After the death of her husband, Nadezhda Osipchuk lived a lonely life in Ukraine, with only her daughter Luiza to keep her company. But then the Christian widow struck up a friendship with her Jewish neighbor, Anna Burdynskaya. Anna's husband had also died, so the two women helped and supported one another, becoming close friends in the process.
But life for Anna grew harder with the arrival of the Nazis. The Germans entered the families' town of Letichev in July of 1941, cordoning off a ghetto where the area's Jews were to stay until they could be deported and murdered. Anna and her young children — six-year-old Masha and four-year-old Volodya — were among the Jews forced into the ghetto, where they faced disease, starvation, and cruelty at the hands of the Nazis. But the Burdynskaya family had a friend on the outside.
Nadezhda would sneak food to her three friends each night, meeting Anna at a secret spot near the barbed-wire fence with the potatoes and bread that kept the family alive for more than a year.
But in January of 1943, Anna learned that the ghetto would soon be liquidated — its Jews would be sent to extermination camps where the Nazis would murder them. The Jewish mother decided she had to save her children.
One night, Anna helped little Masha and Volodya crawl under the barbed wire and into the waiting arms of Nadezhda. Anna was not able to join her children, and would be murdered by the Nazis on January 30.
But Nadezhda took her friend's two precious little ones home and hid them in her home. Each day, the children were hidden under hay and corn stalks in a cattle trough or in a large chest meant for clothing. And each night, they slept in Nadezhda's home. Luiza, who was the same age as Masha, kept the two Jewish children fed and entertained. Each evening, she would teach them whatever it was she had learned at her own school during the day.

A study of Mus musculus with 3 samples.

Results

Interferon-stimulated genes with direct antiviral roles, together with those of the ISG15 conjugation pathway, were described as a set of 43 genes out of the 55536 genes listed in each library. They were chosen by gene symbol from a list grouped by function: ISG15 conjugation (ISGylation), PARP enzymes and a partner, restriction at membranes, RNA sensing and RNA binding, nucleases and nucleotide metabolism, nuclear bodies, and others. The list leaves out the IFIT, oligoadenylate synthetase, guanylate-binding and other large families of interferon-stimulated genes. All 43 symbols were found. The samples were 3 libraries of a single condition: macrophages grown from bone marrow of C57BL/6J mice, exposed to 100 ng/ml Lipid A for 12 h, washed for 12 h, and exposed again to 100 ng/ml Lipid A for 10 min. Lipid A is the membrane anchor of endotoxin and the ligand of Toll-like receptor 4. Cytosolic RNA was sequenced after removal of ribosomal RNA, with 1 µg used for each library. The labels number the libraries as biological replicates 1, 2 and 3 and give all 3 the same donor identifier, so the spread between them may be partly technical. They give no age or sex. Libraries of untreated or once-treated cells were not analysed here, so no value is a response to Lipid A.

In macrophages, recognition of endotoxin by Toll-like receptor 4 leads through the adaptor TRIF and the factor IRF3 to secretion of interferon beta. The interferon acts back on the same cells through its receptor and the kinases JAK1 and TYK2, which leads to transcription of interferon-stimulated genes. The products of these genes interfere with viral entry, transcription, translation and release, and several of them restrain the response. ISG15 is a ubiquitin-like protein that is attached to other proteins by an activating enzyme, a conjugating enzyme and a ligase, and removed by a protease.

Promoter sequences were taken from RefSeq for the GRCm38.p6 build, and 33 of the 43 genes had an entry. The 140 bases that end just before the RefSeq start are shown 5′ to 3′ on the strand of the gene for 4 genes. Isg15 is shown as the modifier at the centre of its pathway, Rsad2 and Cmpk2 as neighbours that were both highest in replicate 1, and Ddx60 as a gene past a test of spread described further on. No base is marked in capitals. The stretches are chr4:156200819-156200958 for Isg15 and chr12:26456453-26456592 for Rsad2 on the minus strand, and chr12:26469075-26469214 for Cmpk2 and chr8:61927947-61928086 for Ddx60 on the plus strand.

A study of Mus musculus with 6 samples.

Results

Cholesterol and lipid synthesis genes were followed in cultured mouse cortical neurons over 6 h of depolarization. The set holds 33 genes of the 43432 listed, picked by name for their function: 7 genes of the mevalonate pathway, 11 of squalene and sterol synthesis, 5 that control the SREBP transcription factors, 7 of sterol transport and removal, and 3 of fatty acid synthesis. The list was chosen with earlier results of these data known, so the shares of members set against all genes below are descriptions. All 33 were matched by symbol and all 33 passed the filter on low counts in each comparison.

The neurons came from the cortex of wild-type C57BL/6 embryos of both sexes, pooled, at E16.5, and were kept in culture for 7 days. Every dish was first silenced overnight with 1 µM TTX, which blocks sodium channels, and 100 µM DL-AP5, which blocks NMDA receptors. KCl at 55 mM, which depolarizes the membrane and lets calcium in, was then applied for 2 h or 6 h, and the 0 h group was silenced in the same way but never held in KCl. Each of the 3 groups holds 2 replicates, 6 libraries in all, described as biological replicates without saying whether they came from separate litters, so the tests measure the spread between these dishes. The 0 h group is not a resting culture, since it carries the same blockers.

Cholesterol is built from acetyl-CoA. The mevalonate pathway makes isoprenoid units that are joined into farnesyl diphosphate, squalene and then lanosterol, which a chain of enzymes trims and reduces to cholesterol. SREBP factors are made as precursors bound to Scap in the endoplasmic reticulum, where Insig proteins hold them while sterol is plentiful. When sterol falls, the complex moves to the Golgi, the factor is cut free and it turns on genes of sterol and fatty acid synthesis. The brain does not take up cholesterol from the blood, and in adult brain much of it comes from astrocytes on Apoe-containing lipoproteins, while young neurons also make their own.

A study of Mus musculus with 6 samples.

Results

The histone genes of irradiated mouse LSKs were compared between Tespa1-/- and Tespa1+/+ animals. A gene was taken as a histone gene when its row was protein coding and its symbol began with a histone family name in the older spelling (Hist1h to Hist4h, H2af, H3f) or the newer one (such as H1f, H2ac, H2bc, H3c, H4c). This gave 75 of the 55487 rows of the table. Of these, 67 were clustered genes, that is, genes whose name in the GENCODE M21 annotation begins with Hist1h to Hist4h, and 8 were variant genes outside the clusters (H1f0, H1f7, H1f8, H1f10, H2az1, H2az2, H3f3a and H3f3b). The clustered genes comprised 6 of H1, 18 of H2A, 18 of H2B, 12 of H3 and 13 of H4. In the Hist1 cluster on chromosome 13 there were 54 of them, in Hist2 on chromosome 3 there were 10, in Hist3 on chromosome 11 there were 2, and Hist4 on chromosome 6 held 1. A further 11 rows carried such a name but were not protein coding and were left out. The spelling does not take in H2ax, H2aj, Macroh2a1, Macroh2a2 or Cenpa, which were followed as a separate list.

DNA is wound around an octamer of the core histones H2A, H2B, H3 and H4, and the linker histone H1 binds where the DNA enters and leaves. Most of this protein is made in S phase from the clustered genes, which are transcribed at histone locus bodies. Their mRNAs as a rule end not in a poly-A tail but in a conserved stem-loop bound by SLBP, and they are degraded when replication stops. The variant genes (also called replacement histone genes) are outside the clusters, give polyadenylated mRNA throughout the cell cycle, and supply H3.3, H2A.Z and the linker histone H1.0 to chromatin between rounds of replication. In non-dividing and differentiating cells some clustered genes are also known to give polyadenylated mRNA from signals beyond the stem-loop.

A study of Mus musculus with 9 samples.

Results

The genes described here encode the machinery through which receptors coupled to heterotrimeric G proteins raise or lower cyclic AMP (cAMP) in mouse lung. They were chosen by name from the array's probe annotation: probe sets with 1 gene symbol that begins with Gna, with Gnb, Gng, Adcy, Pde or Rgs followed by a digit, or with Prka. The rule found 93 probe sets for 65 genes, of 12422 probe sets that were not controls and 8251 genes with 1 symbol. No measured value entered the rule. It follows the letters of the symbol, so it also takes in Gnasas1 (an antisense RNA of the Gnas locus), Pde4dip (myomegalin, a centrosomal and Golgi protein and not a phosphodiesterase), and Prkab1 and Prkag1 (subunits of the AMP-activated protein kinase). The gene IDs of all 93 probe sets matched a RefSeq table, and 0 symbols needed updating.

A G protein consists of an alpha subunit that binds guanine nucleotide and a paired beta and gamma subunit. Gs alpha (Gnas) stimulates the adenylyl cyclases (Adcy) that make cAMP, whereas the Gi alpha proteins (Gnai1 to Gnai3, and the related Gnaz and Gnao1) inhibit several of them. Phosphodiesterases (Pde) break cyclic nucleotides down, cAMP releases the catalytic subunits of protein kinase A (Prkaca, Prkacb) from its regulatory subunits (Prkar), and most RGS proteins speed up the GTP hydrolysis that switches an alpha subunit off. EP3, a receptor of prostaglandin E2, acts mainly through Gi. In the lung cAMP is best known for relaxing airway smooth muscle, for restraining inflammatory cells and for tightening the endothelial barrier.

After the area was liberated in March of 1944, Masha was able to join Luiza's class. The two girls would remain the best of friends for the rest of their lives, each of them also choosing to become teachers.
The children continued to live with Nadezhda and Luiza even after the war, as all of their relatives had been murdered by the Nazis. Despite being impoverished herself, Nadezhda never thought to send them to an orphanage, raising and teaching Masha and Volodya as if they were her own children, which they considered themselves to be.
Nadezhda Osipchuk passed away at the age of 89 in 1997. Eleven years later, this Christian friend of the Jewish people was named a Righteous Gentile by Yad Vashem.